Since plaintiff did not move to South Carolina until after his dealings with defendant – a Georgia bank – the bank’s dealings with plaintiff do not give South Carolina’s courts personal jurisdiction over the bank. The bank’s responses to plaintiff’s discovery requests do not change this outcome.
We affirm the circuit court’s grant of the bank’s motion to dismiss for lack of personal jurisdiction.
The bank’s contacts to South Carolina were nonexistent in this matter. The bank’s relationship with plaintiff was limited to Georgia. The transactions he conducted with the bank all occurred in Georgia. The bank did not have any locations in South Carolina. The bank did not directly conduct business with plaintiff after he moved to South Carolina in 2010. At all times during its existence, plaintiff’s business was a Georgia corporation with its physical location in Augusta, Georgia.
Furthermore, plaintiff failed to show the bank directed its activities to or purposefully availed itself of the privileges of conducting business in South Carolina and thus invoked the benefits and protections of South Carolina’s laws such that it could anticipate being haled into court here.
We conclude plaintiff failed to show (1) the bank established sufficient contacts with this forum such that it should have anticipated being sued here and (2) the exercise of personal jurisdiction over the bank under the South Carolina long-arm statute would comport with traditional notions of fair play and substantial justice.
Plaintiff argues the bank waived its defense based on lack of personal jurisdiction because it engaged in discovery and delayed in seeking a dismissal. We disagree.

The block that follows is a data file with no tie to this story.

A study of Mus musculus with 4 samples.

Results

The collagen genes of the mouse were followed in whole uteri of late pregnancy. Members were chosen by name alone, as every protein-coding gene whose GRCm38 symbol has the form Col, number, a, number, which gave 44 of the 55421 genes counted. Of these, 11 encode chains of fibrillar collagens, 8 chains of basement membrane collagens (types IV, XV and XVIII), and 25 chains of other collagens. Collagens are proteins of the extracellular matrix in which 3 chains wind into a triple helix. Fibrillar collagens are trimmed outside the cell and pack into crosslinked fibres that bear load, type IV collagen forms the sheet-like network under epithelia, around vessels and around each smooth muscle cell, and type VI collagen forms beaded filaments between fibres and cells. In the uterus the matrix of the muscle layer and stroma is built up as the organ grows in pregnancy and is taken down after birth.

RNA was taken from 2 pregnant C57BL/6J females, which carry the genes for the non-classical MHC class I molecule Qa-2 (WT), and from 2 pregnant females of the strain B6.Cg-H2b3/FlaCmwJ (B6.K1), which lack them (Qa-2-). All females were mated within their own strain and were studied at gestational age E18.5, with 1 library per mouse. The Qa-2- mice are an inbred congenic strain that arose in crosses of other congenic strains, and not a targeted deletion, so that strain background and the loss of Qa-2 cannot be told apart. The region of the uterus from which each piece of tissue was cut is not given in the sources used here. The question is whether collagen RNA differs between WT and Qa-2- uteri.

“[A] delay in challenging personal jurisdiction by motion to dismiss may result in waiver, even where the defense was asserted in a timely answer.” Maybank v. BB&T Corp., 416 S.C. 541, 787 S.E.2d 498 (2016).
The bank stated in its answer the facts and allegations pertinent to its lack of personal jurisdiction defense and timely brought the issue before the circuit court by filing a motion to dismiss after raising the defense. Furthermore, the bank did not waive its defense (1) by answering plaintiff’s interrogatories and requests for production because it responded at plaintiff’s counsel’s behest, who requested the responsive discovery from the bank to “expedite the disposition of the case” or (2) by participating in depositions to determine the issue of personal jurisdiction. Additionally, the parties agreed to a consent motion for entry of a scheduling order, which stated the bank’s motion to dismiss would need to be heard before trial, and agreed the scheduling order was necessary for the parties to proceed with the motion.
Abdulla v. Southern Bank (Lawyers Weekly No. 011-021-23, 10 pp.) (James Lockemy, J.) Appealed from Aiken County Circuit Court (Maite Murphy, J.) Tucker Player for appellant; Mark Louis Wilhelm for respondent. S.C. App.